The joy of Agatha Christie
I came to The Murder of Roger Ackroyd with somewhat of a handicap, namely the vague memory of having read that Agatha Christie did something remarkable and startling with the set-up of this, her first (so I had thought) published mystery. So I was on the alert for a twist, for the orchestration of a twist, beginning perhaps rather early in the story. You might say I had read the spoiler.
And as I got about halfway through, my memory jelled, I remembered the brilliant twist, and I could spot the murderer. Nevertheless Christie's work was very adroitly done. And what did surprise me was the appearance in this novel of her famed detective Hercule Poirot. If I knew about his arrival, I had forgotten it. He is introduced as already retired and famous, and only persuaded out of his garden by the propinquity of the murdered body in question, and the pleadings of a pretty girl in love.
Some people adore Hercule Poirot. I find him uninspiring. He is not nearly as simply delightful as Miss Marple, though he is a sight better than the utterly annoying Tommy and Tuppence, who do nothing but talk excitedly at each other, for chapter after chapter, about the mystery they are solving. Poirot's magician-like abilities render him more adding machine than even putatively human character. He lurks about as it were off-stage, seeming to come on only occasionally to make revelations in a silly, sing-song, French-flavored English which is meant to be adorable but rings hollow considering that Christie herself claimed in her biography to have been trained to French fluency in girlhood. Surely, bilingual herself, she would have no reason to depict another bilingual person as carrying on like a dance-hall comic.
Anyway. We will leave Poirot alone. What is wonderfully entertaining about The Murder of Roger Ackroyd is the setting, so cozy and familiar through a hundred (mostly British) television series and movies that we forget it was probably Christie, in her books, who largely invented it. The little English town. The fine house of the local rich family. Terse, grim parlormaids in sensible shoes. The giddy daughter of the family, engaged to an unsuitable young man. The secretary or companion, unaccountably interested in poisons. English mists wafting over damp English gardens; prying spinster ladies; surreptitious meetings in the summerhouse, at nine-forty-five under a full moon -- but there was no moon. The butler distinctly said he had closed the window because it looked so like rain.
Agatha Christie must have enjoyed life tremendously, writing these delightful stories. If memory serves, she said she set about writing Roger Ackroyd after having read some other author's mystery, and being so disappointed in it that she told herself in amazement and some disgust that she could do better than that. And so she did, I am sure. I don't think I would be equal to all the weavings, thinkings, and tweakings she had to do to make the case come out right -- to get the murder done, the suspects in place, the clues both revealed and disguised, and all motivations, backgrounds, and timeframes made plausible and correct. This is not to speak of all of the foregoing being presented as a puzzle to the detective, who has to plausibly see what others do not see, but not so fast and so perfectly that the reader sees, too, and thus has nothing to chew on. When I realized that Christie had to actually figure out a way to make the murderer show an avuncular concern for a framed suspect's shoes, and more than one pair, well then -- I took off my figurative hat to her (no doubt a smart 1920s cloche).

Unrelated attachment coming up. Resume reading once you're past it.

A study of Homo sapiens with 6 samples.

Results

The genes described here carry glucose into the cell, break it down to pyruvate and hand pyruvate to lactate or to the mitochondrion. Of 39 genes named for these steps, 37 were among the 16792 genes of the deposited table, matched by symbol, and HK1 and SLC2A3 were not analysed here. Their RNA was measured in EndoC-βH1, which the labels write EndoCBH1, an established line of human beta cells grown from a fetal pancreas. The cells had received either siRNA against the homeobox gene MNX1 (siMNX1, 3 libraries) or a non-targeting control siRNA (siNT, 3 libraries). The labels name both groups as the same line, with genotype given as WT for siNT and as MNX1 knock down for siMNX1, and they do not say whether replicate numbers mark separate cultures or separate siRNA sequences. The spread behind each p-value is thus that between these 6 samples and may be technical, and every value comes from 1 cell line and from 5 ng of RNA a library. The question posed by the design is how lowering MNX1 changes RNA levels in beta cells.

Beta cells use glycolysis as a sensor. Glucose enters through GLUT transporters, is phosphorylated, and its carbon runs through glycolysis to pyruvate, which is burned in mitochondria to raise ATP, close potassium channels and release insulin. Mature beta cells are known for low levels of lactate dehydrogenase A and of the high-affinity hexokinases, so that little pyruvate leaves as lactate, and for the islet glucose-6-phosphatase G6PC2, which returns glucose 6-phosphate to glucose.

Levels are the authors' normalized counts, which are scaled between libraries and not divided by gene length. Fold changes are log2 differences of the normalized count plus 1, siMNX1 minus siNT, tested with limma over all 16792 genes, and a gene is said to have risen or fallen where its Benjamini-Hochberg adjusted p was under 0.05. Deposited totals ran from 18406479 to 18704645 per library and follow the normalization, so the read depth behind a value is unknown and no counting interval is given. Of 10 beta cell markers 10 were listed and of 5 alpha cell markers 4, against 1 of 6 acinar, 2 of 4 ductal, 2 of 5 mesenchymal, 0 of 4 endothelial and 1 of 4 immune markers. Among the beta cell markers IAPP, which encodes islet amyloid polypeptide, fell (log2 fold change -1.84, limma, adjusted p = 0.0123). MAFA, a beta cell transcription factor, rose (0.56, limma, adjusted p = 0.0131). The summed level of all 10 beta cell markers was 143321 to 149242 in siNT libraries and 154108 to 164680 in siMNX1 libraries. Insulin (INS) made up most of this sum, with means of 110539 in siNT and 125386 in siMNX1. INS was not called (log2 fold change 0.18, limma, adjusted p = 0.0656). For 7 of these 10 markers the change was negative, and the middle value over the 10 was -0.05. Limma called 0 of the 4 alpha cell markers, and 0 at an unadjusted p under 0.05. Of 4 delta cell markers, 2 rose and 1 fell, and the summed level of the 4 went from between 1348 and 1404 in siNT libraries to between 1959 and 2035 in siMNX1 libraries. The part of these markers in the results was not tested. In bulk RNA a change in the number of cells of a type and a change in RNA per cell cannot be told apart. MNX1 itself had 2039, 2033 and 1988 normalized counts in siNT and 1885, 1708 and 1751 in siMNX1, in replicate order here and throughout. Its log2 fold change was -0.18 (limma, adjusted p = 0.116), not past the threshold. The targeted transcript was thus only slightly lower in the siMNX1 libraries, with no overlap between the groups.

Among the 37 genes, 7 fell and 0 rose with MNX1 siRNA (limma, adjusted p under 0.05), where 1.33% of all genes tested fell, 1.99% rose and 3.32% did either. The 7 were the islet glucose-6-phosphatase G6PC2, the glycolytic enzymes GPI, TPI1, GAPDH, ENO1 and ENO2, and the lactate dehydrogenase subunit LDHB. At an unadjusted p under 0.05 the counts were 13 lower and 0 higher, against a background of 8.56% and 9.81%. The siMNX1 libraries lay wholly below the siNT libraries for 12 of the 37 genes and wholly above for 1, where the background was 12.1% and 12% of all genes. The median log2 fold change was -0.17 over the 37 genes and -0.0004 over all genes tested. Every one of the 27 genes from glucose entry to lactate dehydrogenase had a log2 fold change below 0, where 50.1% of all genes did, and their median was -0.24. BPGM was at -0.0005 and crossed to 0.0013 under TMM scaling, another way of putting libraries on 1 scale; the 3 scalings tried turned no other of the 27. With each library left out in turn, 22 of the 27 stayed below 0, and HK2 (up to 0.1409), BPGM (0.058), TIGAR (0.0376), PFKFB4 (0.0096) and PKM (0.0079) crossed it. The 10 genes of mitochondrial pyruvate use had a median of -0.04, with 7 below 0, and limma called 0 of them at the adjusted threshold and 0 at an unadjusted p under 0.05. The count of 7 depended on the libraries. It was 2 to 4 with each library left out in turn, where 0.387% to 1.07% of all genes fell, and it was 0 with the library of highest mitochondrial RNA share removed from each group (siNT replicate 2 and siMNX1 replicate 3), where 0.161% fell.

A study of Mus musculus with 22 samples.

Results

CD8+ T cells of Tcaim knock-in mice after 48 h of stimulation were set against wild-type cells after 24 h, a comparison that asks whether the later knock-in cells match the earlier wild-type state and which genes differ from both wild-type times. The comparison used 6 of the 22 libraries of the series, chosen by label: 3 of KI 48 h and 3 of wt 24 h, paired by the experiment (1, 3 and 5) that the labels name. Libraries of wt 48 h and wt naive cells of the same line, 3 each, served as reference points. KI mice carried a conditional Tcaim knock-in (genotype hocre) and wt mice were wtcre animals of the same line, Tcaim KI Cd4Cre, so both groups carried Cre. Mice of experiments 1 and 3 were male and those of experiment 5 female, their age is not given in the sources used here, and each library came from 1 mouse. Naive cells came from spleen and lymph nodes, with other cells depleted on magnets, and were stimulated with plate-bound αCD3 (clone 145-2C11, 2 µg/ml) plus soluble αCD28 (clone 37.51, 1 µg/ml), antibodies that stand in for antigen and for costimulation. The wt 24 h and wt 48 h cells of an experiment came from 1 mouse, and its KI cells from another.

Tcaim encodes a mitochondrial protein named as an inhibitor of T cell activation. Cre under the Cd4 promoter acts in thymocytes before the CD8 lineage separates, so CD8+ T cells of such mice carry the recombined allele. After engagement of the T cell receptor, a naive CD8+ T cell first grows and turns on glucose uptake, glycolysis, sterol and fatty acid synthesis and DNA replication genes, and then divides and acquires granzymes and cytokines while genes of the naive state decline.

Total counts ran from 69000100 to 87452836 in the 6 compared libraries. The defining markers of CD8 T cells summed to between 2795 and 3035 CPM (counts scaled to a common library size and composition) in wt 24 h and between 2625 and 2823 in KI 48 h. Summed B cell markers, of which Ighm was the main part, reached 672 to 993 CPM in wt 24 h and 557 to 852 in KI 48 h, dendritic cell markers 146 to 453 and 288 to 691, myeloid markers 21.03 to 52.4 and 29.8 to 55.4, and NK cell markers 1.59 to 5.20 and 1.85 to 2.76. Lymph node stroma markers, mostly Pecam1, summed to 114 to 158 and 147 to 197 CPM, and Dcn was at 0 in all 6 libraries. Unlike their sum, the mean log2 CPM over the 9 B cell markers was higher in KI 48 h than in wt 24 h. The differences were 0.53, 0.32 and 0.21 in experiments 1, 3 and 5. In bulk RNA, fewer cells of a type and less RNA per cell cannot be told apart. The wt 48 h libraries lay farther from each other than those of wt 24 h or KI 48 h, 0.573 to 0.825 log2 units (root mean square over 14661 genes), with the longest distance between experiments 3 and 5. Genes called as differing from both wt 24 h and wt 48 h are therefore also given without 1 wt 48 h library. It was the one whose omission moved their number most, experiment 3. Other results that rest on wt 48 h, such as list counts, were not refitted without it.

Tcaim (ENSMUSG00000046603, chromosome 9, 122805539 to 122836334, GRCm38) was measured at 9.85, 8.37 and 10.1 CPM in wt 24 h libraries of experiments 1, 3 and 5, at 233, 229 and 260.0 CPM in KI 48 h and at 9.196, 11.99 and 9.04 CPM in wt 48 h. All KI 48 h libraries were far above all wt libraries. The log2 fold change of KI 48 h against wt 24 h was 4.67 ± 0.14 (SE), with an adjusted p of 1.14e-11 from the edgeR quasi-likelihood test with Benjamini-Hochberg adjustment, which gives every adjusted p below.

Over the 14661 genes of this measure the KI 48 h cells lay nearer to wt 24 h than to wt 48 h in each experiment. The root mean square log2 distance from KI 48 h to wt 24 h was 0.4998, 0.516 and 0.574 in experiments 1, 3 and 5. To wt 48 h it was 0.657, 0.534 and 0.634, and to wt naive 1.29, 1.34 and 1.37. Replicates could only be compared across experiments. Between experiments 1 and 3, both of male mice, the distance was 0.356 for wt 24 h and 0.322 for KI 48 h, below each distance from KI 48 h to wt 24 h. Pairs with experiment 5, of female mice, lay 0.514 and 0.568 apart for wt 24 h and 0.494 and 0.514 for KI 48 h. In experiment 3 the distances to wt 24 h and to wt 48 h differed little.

I am not one of these people who sits down with a mystery with pencil and paper in hand, to try to solve it as I read. I simply meander along, enjoying the tale and the atmosphere as a bystander. What it means is that I can then re-read Christie later, because I've forgotten whodunit. Genuine mystery fans seem to be far more serious. Old reviews of Roger Ackroyd quoted in Wikipedia attest that, in 1926, professionals complained about it. Too many superfluous clues. A disappearance that did not matter (what! surely it did). The reader "sold up" by the ending. Her "most controversial" book, and to some "her masterpiece."
Goodness! Such passions. I hope in her long life she found time to plot a murder mystery at a mystery writers' awards banquet, or a conference of some kind. If she did, and I've already read it, I've forgotten it. Just think what I have to look forward to.